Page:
Tuesday, February 19, 2013

Emergency Preparedness Month- Cracked Wheat

The blender wheat pancakes inspired me to try and find other ways to eat unground wheat.  Here's what I ended up trying.

So, Everyday Food Storage has a little video about cracking your own wheat in your blender.  She also has a recipe for a jello salad (yuck!) with cracked wheat, but I really wanted to try just eating it for breakfast plain as I would eat cereal- with fruit and/or yogurt etc.  Here's a picture of what my wheat looked like after I cracked it.  Who knows if that's what it should look like... I felt like if I did this long enough, I might even get some flour out of the deal, because there was definitely a lot of powder clouding my view inside and floating out the top when I peaked in.  I decided to strain that away before cooking.

I'll be the first to admit, I'm terribly impatient and I loath tedious activities (which is why I hate making cut out cookies...) so I'm pretty sure the cracked wheat in the blender thing is not going to be a regular occurrence around here.  If I could set my blender to pulse it automatically for a set time, while I did other stuff, I definitely would.  OR if I could get my kids to do it.  But it took way too long for me.  I'm not sure how long it took, but it felt like forever.  I would probably pulse for a minute at a time and then look at it and wonder if anything had even happened yet, and then keep going.  Repeat 7ish times?  Perhaps I had too much in my blender?  I used about 1/3 of a cup.

Which is another thing-  if I'm going to do something tedious, it would have to be for big results, and 1/3 cup is not big enough for me.

Despite this, I cracked a full cup of wheat (in 3 batches) and cooked them in two different ways.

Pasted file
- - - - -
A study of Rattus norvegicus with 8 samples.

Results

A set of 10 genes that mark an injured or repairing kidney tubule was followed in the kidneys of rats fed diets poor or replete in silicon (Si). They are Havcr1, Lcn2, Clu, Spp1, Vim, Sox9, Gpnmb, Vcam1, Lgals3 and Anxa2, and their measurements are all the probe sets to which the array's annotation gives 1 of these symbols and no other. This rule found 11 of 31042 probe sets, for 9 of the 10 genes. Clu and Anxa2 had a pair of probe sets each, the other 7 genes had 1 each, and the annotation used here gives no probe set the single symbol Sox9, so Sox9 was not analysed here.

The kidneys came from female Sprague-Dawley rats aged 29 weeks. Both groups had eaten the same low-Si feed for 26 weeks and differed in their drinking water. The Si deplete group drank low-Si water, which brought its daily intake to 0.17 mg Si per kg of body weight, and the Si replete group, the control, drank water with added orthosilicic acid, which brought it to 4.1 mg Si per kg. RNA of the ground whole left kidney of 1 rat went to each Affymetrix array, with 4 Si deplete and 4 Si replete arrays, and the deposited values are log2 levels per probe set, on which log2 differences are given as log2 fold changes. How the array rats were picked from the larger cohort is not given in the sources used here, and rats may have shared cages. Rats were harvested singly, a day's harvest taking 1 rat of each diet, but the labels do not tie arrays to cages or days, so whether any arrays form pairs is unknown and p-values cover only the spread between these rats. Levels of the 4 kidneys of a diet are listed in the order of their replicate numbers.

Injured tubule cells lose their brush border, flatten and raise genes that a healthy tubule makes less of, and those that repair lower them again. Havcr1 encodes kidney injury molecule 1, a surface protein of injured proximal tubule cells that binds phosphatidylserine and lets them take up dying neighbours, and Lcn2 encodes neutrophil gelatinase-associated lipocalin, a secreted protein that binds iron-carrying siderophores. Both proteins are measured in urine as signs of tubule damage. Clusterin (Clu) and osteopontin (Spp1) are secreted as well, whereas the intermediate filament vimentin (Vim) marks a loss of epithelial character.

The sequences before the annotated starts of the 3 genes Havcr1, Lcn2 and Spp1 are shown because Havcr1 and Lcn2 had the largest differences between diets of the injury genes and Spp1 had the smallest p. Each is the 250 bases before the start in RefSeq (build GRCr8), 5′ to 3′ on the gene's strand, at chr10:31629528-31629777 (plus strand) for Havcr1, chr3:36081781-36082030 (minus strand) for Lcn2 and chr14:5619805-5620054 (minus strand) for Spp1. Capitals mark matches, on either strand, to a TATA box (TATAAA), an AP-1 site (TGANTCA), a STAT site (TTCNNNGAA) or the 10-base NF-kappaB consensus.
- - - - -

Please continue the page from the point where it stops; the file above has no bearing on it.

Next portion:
what my cracked wheat looks like.  not very uniform...
#1- The microwave method:
I put 1/3 cup in a 4 c pyrex measuring cup with 2/3 c water and microwaved for
6 minutes.  Still liquid.
2 more minutes.  Very slight liquid and still very very chewy.
2 more minutes.  No liquid and it was all getting hard and stuck together.  Yikes!  I added another 1/3 c and put it back in for
2 minutes.  still liquid. still chewy
1 more minute.  The liquid looked adequately gone and though chewy, it wasn't bad.
I gave some to Peach and she said it was yummy.  (but she's quite forgiving to my cooking.)
I added about 1 T of honey and stirred it up and gave some to Jay (with a scrunched look on his face) who decided he could eat that for breakfast and The Frog said it was gross before I even got it past his lips.

The verdict?  5 minutes of pulsing in a blender + 13 minutes in the microwave is on the verge of not fast enough for this mamma.  I could easily have pancakes ready in that time, so it probably won't happen around these parts much.

Way #2: rice cooker method
I put 2/3 c cracked wheat in the rice cooker with 1 1/3 c water.  I didn't watch it closely, but they were done when I checked on it about 30 minutes later.
cracked wheat from the rice cooker looked fluffier than the microwaved counter-part
I made several bowls with different toppings to try them different ways- banana and coconut milk, raisins and honey and (coconut) milk, maple syrup, agave, and (coconut) yogurt.  I think my favorite was the raisins and honey- the texture of the dried fruit just blended in very nicely.

The verdict?  I think I'm more likely to do it in the rice cooker, where I feel more comfortable leaving it unattended.  I could get it started and then go take a shower.  However, I would consider another method of cracking them, or even buying them cracked.  I do like the texture and it makes a nice alternative to oatmeal, but the blender cracking is just too tedious for me.